Litigation Still Preferred To Mediation By Vast Majority


The Law Society Gazette has just published the results of an MoJ poll showing that the vast majority of litigants are still shunning mediation – despite wanting an out-of-court settlement.


The Survey

In the court users’ survey for 2014/15 (full survey here) only 23% of claimants had entered into formal mediation, despite 86% of them asking for an out-of-court settlement. This should come as no surprise to mediators, though it may be very disappointing.  We mediators have been scratching our heads for the last 25 years wondering why such a good product is not selling, whilst people queue up for litigation, the more costly and risky alternative.


Psychological reluctance to mediate

The answer, as I have maintained for many years, is neither rational nor commercial:  it is psychological and emotional.



New Law Journal February 2011: “The Mediation Conundrum” – why mediation needs a makeover or a nudge from Government”

(2nd down on the page)

New Law Journal April 2010: “Compulsory Mediation” – urges Government to consider imposing a little compulsion in mediation”

(5th down on the page)


Litigants essentially want four things:

1. Vindication: to be proved right

2. Revenge: for the other party to suffer in the same way as they have

3. Humiliation: for the other party to be publicly shamed in court

4. Retribution: to recover every single penny or element of loss


Mediation can offer none of these – we can only urge collaboration, conciliation and compromise.  These are the last things an angry litigant wishes to hear.


The Attraction of Court

Court proceedings, on the other hand,  seem able to offer everything the claimant wants.  This is borne out by a further finding in the survey: that 78% of claimants expected to win in court.  Here we are the victims of our own success:  we have a judicial system that most litigants trust implicitly as being certain to deliver ‘justice’.  The naïve conviction – that the one person who will see that they are right is the judge – overrides all logical and commercial reasoning.  Emotions overwhelm reason, and common sense flies out of the window.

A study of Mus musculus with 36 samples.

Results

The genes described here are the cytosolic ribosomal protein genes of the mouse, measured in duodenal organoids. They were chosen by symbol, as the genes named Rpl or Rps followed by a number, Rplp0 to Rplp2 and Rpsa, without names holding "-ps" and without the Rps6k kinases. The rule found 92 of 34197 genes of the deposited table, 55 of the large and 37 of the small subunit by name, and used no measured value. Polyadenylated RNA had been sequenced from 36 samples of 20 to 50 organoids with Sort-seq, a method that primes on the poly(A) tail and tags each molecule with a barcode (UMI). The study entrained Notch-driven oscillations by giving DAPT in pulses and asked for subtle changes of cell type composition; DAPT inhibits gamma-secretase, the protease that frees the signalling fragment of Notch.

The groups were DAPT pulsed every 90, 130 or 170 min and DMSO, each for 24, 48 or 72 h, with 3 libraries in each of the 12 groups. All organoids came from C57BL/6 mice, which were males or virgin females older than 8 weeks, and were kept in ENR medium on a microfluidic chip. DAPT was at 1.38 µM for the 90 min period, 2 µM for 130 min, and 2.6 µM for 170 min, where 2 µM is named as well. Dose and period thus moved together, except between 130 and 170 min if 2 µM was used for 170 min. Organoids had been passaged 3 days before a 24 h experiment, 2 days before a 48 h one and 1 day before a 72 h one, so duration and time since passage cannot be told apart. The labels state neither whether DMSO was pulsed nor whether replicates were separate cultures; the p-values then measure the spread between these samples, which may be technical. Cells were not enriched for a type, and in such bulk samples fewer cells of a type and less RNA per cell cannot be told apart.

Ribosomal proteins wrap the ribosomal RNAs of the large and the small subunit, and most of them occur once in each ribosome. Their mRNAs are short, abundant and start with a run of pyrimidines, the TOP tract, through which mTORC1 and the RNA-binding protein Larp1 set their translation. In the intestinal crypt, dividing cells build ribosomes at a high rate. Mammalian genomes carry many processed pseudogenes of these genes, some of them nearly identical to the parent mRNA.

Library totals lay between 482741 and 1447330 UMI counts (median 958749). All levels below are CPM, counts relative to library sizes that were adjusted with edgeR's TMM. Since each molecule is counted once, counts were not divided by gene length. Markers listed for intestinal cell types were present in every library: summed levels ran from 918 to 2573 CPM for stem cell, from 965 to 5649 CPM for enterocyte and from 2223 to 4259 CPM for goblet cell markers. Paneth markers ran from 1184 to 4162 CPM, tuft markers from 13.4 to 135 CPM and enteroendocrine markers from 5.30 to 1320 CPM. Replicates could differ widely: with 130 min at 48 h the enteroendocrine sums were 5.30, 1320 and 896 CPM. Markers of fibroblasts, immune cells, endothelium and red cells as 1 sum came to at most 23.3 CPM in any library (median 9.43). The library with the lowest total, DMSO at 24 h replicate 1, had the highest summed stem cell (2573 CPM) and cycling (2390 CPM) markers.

It will therefore always be an enormous challenge to persuade bitter enemies to sit at a table and mediate a compromise.  Those who perceive themselves to be the victims of a huge injustice at the hands of another are not ready to be conciliatory or collaborative.


The Answer?

So it will need a great deal more than cogent, logical, reasonable and rational argument to draw litigants to mediation.  Some form of compulsion may be the only answer.   But let’s not call it ‘compulsory mediation’.  The word ‘compulsory’ seems to send shivers down the spine of many purist mediators, as well as judges and MoJ officials.  Let’s stick to ‘automatic referral’ – and automatically refer all claims to a mediator. Unless we grasp this nettle, we mediators will be sleep-walking into oblivion.